Watch the Gantry Europe's New Ariane 6 Rocket Take Its 1st Test Drive (Time-Lapse Video)

 

A new timelapse video shows the rocket gantry for Europe's newest booster, the Ariane 6, take its first test drive during a simulation of prelaunch rollout activities for future missions.

Workers in orange and yellow shirts swirl around the 295-foot (90-meter) lattice structure as it departs moved for the first time at Europe's Spaceport in Kourou, French Guiana. Near video's end, the house-shaped gantry sidles up to its launch pad and then moves over it, just like it would do for a real launch.

The Ariane 6 is a new heavy-lift rocket designed to haul payloads of up to 35,274 lbs. (16,000 kilograms) into orbit. The Arianespace-built booster will stand over 197 feet (60 meters) tall and weight nearly 992 tons (900 metric tons) when fully fueled and loaded.

Related: Ariane 6 & Vega C Rockets: Independent Space Access for Europe


The mobile gantry for the European Space Agency's Ariane 6 rocket is seen during a test run at its launchpad at the European Spaceport in Kourou, French Guiana in July 2019.
(Image credit: European Space Center)

An artist's illustration of an Ariane 6 rocket at its launch site at Europe's Spaceport in in Kourou, French Guiana.
(Image credit: ESA - D. Ducros)

The rocket's mobile gantry will allow workers to access the Ariane 6 during vehicle integration on the launchpad, the European Space Agency (ESA) said in a statement accompanying the video's release on July 25. The gantry weighs about 9,039 tons (8,200 metric tons) — about 1,000 metric tons more than the Eiffel Tower — resembles a massive barn and will protect the Ariane 6 rocket until about five hours before the launch.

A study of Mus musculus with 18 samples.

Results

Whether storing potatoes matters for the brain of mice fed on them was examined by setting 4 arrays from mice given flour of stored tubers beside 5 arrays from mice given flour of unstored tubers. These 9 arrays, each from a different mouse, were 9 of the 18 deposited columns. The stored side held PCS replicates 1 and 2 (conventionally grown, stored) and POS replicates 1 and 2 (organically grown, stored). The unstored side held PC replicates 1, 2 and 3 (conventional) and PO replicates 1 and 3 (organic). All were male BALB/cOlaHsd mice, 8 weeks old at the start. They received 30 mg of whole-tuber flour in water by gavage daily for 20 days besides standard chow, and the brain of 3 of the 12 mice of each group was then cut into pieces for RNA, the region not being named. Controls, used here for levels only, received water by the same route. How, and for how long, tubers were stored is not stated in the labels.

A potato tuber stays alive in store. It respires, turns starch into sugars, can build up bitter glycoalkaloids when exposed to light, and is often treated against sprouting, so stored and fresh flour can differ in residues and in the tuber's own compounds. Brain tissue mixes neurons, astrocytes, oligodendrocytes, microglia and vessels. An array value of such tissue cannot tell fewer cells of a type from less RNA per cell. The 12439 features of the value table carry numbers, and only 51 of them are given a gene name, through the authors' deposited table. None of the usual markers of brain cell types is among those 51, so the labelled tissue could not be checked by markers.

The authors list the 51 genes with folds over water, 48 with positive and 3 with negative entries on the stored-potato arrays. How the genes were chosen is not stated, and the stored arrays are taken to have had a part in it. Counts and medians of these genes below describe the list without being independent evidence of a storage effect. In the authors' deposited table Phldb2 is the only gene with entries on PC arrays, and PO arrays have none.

"Preparation is everything, but the actual move is automated and quite simple," said Jean-Michel Rizzi, ESA's Ariane 6 launch base project manager, in the statement. "You choose to move the gantry forward or backwards, and then press the start button."

The gantry must travel 463 feet (141 m) — from its support building to the launch pad — in about 22 minutes along a rail line. The first 3 feet (1 m) is done at a crawling speed of 3 feet per second. Then the gantry hits its cruising speed of nearly 25 feet (8 m) per minute for most of its journey, before gradually decelerating during the last 30 feet (9 m) before the pad.

The test will be repeated several more times during the next few weeks, ESA added. Engineers on site will monitor the rollout speed, how much electrical power is used, and how well the gantry's wheels move along the track using 128 motors.

Ariane 6 is scheduled to make its first launch in 2020, ESA officials have said.